Anil learned a couple of years ago, from a friend in Edmonton who was born in Palestine, that having a Canadian citizenship card and a valid Canadian passport with his date of birth, was not enough to satisfy the Canada Pension Plan administrators as to his exact date of birth. They insist that those applying for CPP benefits produce a birth certificate from their country of origin. This is not usually a problem for those born in the Western world, but many developing countries did not issue birth certificates sixty years ago.
Anil mentioned this to his sister, Manju some time ago, as she was born at the same "lying-in" hospital. Anil knew that his parents had lived in an apartment in Parel (a district of Mumbai) and that there had been a maternity hospital on the main floor of the building. When it was time for his mother to give birth, she simply went down to the main floor and got it over with. Manju mentioned to Anil that she should probably think about getting a birth certificate herself, and that her new son in law, Deven Parabu, loved to go on these kinds of adventures, searching in the kafkaesque offices of the Indian government.
Anil was in touch with Deven via email and Deven wrote back that he had located the building and done some preliminary searching, but that to go any further, he would have to have Anil present because there would be several forms that Anil would have to sign to satisfy the bureaucrats. As we were planning on visiting India, Anil asked Deven to put things on hold till we arrived in November.
Deven picked us up from the Kapoors one day and off we went on adventure to see Anil's place of birth and to hunt for a confirmation that he was born, when and where. We started out at a Municipal Office where all the old ledger books are kept from all the maternity homes and hospitals. The place was amazing and full of other people looking for proof that their birth was registered so that they took could get an official document confirming their date of birth. There are many reasons that people need to get one, I am pretty sure that we were the only ones there that needed it for the CPP. People were really staring at me as I followed along behind Anil and Deven.
I took a couple of pictures of the huge registers that are piled everywhere in the large dusty office. There are cabinets all along the wall of the room, each filled with register books. Anil and Deven both feel that my presence, and my request to take some photographs, helped to encourage the clerk to do his utmost to find the register for Anil's "lying-in" hospital. The attitude of these clerks is usually one of studied indifference, but the one we spoke to seemed very efficient and in no time at all he was able to locate Register Number 26 for the correct maternity hospital. It took a little time because the hospital has changed hands a couple of times in the intervening years and had even changed names during the last handover. The pages in the register were all filled with hand written entries and many of the pages were beginning to disintegrate. Moths, mildew and time had all taken their toll.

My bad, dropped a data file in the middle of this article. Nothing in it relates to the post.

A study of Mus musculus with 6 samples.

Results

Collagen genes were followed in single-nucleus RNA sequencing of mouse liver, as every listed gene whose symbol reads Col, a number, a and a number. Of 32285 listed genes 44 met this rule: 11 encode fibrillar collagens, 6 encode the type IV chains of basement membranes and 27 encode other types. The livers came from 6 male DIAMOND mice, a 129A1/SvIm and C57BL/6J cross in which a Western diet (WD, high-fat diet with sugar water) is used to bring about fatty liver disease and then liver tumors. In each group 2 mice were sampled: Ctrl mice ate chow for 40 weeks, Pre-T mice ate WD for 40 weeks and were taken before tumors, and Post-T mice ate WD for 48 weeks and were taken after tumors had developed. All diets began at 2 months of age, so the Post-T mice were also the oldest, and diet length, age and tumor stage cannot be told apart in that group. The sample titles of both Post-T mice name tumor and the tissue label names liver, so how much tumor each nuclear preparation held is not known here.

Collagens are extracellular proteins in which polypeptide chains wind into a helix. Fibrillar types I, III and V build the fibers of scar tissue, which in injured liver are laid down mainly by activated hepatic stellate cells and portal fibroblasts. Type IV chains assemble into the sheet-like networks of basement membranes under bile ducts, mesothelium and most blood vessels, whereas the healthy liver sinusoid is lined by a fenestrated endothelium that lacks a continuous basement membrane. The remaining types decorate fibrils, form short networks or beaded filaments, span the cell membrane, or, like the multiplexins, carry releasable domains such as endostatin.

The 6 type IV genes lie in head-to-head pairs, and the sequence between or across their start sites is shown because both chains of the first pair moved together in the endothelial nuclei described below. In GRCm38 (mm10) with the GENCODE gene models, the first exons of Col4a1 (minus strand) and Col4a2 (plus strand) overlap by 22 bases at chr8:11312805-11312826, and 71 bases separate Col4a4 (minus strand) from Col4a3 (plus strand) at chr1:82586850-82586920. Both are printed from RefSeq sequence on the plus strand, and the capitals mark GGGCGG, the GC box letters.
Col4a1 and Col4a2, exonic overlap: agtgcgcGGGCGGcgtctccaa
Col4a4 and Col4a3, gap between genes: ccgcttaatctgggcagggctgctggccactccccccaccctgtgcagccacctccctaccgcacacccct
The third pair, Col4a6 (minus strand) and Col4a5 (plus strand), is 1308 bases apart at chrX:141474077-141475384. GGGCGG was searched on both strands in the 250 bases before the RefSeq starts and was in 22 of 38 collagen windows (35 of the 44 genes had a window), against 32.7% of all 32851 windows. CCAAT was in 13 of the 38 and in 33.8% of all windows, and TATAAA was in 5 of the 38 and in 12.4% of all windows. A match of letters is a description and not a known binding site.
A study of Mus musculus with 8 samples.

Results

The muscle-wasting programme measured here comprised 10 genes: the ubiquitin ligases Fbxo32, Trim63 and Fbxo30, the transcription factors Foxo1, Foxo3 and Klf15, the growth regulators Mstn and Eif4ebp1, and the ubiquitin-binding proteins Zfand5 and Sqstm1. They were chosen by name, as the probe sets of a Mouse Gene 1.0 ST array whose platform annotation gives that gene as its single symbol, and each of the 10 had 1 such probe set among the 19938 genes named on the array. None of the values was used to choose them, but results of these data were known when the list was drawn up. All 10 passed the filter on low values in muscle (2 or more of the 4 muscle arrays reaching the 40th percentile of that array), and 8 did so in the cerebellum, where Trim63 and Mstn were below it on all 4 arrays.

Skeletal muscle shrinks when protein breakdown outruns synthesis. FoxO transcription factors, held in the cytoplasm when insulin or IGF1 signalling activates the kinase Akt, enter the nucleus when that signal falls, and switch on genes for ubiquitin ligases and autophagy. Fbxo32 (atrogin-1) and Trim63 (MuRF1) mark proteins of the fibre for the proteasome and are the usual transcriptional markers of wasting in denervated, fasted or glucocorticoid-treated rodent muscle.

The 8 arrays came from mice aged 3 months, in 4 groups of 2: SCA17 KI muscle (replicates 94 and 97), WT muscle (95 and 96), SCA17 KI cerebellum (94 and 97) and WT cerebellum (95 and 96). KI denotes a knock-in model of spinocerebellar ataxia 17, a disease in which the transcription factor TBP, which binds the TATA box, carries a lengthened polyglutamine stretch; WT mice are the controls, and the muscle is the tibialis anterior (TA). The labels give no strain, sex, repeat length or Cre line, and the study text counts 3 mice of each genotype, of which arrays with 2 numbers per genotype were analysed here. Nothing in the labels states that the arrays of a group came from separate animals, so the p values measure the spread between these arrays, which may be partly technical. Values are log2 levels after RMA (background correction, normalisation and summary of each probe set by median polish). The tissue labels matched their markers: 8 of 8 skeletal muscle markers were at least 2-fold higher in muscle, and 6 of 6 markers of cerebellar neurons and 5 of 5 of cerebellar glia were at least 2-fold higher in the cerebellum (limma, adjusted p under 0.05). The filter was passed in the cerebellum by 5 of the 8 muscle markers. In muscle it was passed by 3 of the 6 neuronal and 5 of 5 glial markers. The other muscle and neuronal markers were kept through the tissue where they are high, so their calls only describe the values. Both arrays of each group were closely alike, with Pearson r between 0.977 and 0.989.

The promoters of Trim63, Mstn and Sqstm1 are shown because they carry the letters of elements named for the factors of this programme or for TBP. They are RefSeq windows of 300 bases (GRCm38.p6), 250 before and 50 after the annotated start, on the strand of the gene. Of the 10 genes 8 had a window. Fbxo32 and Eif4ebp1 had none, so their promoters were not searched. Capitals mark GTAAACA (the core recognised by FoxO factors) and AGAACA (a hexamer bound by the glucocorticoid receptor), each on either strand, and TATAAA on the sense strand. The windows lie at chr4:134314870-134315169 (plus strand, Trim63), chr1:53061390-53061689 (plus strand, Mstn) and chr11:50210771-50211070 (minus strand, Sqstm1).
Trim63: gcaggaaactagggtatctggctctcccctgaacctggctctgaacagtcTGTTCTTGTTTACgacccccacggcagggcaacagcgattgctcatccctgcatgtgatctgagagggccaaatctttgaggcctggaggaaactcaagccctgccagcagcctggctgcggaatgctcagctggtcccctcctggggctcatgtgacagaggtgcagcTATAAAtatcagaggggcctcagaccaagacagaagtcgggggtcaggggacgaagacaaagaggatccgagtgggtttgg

Alas, the first entry in Register Number 26 was for September 27, 1947 and Anil was born on Sept 9th. No problem, we thought, we just need to look at Register Number 25. It was then that the clerk told us that Register 25 was missing, it could not be located. Rats, we missed the register in hand by only two weeks. He told us that a search could me made of the duplicate copies made and stored in another location, but that we would have to pay a fee and wait several weeks. Anil came over to me and said he wasn't sure it would be worth the expense of the fee they were asking. When I asked him how much it would be, he smiles and said "19 rupees". I laughed, it was less than 50 cents!
We paid the fee, got a receipt from the clerk that confirmed that a search would be undertaken and we headed out of the busy office to visit the maternity hospital itself. Deven led us through the neighbourhood - it was only a twenty minute walk away and the weather was pleasant. I took a picture of Anil and Deven under the street sign before we walked along the tree-lined street to find the building near the end at the corner. Anil recognised the building, only because he had seen some pictures of it at home in Patna. When we entered the building, we read the resident board and found that a Kapoor family is still living there (although the spelling they use is a little different). The maternity hospital is still on the ground floor and when we went inside, we found it in quite a modern state and I noticed a couple of women lying on cots in one of the rooms, most likely in labour and waiting to give birth themselves.
Anil was quite thrilled to find the building and we took a couple of photos of the interior and the exterior of the building. I will keep you posted on our adventure when we return later in the spring to see what if anything they will find in the bowels of the Indian Government records storage.